Posted November 9, 2010 at 1:48 PM via web



Posted November 9, 2010 at 7:53 PM (Answer #1)


Within hours after Japan’s bombing attack of the United States naval station at Pearl Harbor, Hawaii, on December 7, 1941, the Federal Bureau of Investigation (FBI) began arresting community leaders, teachers at Japanese schools, and anyone who had business ties to Japan. Most of the two thousand men arrested were Issei (born in Japan, immigrants to the United States). Their status as resident aliens was changed to that of enemy aliens. The two-week period of arrests along the Pacific coast was also a time of search and seizure of Japanese American households. Homes, businesses, and personal property were lost.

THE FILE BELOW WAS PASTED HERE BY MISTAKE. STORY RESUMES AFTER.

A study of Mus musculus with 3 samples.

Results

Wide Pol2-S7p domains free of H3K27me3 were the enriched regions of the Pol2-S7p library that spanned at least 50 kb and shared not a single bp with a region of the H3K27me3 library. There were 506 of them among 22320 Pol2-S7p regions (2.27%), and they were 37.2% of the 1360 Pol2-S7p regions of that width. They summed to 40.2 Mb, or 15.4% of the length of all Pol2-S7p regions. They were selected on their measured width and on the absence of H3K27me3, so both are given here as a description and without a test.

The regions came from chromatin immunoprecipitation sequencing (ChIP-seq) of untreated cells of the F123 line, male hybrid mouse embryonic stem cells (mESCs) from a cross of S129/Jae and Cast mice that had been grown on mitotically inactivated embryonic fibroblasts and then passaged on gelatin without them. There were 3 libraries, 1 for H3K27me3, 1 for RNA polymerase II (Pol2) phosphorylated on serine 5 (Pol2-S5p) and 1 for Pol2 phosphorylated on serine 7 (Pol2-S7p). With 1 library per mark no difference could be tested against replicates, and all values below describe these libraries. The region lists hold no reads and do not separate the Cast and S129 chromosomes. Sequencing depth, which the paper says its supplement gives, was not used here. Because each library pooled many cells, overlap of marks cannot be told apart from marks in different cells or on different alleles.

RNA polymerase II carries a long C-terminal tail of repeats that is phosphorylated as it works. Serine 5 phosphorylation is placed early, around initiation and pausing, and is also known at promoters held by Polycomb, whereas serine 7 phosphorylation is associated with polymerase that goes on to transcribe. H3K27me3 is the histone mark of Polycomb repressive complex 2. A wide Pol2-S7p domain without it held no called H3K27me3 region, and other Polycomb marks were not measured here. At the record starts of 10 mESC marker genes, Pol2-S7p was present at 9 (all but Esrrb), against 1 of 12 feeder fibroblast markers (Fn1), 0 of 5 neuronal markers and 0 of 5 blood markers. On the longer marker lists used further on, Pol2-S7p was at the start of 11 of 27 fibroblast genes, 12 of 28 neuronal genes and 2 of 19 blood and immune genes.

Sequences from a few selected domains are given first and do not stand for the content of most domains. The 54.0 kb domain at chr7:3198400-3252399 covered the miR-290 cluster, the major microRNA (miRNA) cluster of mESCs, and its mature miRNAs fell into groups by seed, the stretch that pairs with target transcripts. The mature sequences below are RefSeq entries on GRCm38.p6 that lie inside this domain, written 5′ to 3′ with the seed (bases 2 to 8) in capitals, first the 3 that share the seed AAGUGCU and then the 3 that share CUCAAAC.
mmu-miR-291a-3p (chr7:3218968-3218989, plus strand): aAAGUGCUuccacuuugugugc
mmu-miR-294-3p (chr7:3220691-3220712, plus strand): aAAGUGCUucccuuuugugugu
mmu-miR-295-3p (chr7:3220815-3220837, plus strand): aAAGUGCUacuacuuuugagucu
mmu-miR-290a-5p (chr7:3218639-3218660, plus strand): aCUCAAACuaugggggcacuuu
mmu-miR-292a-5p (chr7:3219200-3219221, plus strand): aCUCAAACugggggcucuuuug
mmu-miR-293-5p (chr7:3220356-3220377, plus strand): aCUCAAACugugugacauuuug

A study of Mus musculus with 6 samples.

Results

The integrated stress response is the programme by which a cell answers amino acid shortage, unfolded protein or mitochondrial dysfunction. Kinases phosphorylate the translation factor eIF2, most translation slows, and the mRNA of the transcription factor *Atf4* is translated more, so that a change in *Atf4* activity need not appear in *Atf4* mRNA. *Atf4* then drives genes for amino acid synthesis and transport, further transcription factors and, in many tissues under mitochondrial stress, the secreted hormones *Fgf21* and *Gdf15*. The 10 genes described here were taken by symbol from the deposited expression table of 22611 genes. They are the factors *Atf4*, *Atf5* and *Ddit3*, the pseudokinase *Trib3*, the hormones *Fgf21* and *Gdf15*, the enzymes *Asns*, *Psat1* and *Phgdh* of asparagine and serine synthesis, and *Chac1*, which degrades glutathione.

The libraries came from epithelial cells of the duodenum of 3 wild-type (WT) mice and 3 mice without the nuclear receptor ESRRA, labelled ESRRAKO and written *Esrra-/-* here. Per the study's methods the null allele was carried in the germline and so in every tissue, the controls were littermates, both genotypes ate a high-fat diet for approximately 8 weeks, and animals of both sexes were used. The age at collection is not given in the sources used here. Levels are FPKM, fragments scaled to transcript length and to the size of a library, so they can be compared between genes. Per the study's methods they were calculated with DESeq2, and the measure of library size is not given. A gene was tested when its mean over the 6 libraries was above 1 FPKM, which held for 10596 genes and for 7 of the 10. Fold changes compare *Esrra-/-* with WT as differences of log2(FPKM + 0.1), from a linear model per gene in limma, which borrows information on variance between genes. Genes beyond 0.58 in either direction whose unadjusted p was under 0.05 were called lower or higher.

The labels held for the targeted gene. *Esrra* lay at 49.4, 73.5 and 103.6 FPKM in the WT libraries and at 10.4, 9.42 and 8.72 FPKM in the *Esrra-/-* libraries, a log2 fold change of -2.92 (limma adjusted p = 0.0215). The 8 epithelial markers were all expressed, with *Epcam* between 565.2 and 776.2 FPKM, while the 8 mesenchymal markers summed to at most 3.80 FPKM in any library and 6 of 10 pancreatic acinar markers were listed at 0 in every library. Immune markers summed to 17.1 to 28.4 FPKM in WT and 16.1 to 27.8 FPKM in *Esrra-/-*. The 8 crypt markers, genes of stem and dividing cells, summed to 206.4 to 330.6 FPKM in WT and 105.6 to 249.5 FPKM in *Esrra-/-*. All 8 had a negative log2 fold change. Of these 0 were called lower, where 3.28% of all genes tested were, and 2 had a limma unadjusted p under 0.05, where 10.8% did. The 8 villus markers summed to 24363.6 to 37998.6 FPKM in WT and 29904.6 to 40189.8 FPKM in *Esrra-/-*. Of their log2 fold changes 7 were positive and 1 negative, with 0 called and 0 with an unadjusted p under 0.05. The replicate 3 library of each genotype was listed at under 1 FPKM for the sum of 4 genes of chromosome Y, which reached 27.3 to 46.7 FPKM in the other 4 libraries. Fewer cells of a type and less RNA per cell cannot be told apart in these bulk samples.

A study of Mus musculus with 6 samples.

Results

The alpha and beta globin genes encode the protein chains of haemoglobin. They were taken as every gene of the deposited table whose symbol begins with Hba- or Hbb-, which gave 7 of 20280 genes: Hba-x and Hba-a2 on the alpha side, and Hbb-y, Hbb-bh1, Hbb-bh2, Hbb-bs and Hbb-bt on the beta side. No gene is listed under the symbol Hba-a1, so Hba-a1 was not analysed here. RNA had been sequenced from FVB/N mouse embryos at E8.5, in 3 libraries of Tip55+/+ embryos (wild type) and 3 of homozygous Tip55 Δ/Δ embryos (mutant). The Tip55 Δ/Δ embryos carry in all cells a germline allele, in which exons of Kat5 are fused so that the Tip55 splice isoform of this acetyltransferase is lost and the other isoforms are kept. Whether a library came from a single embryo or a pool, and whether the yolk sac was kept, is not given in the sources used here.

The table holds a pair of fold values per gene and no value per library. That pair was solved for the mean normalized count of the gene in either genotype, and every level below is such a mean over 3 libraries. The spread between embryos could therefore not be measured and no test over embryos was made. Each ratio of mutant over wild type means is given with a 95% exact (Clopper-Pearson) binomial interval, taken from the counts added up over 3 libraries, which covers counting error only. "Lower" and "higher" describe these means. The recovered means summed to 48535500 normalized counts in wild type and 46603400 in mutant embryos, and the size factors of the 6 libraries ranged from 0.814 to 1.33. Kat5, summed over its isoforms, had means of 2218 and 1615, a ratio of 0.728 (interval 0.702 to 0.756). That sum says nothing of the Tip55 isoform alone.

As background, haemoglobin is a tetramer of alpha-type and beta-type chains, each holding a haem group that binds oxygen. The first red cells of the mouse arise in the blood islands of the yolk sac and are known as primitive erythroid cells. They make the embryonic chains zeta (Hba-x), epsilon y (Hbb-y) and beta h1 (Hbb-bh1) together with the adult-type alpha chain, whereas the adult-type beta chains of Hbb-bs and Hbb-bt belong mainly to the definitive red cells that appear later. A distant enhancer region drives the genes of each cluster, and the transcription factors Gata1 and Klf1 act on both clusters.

It is a lengthy quote, but might go very far in illuminating the impact on the Japanese- American community.  Internment was with such force, such a coordinated effort, that individuals impacted could only grasp at trying to figure out why it was happening, what was happening, and what it would mean.  Relocation to camps in the middle of the desert, far removed from society and any rights that might go along with it, had to have been a transition of nightmare proportions.  In the end, this had a profound impact on the Japanese- American community, compelling them to distrust what the government was doing and White society, in general. The ironic element in all of this was that, for the most part, the Japanese- American community was one of the most passive communities of color in America.  They were hard working, followers of both the opportunity ideology and the American Dream, and simply sought to remain in the private realm.  No doubt that this cultural capital caused more confusion when they were the targets of governmental power and abuse.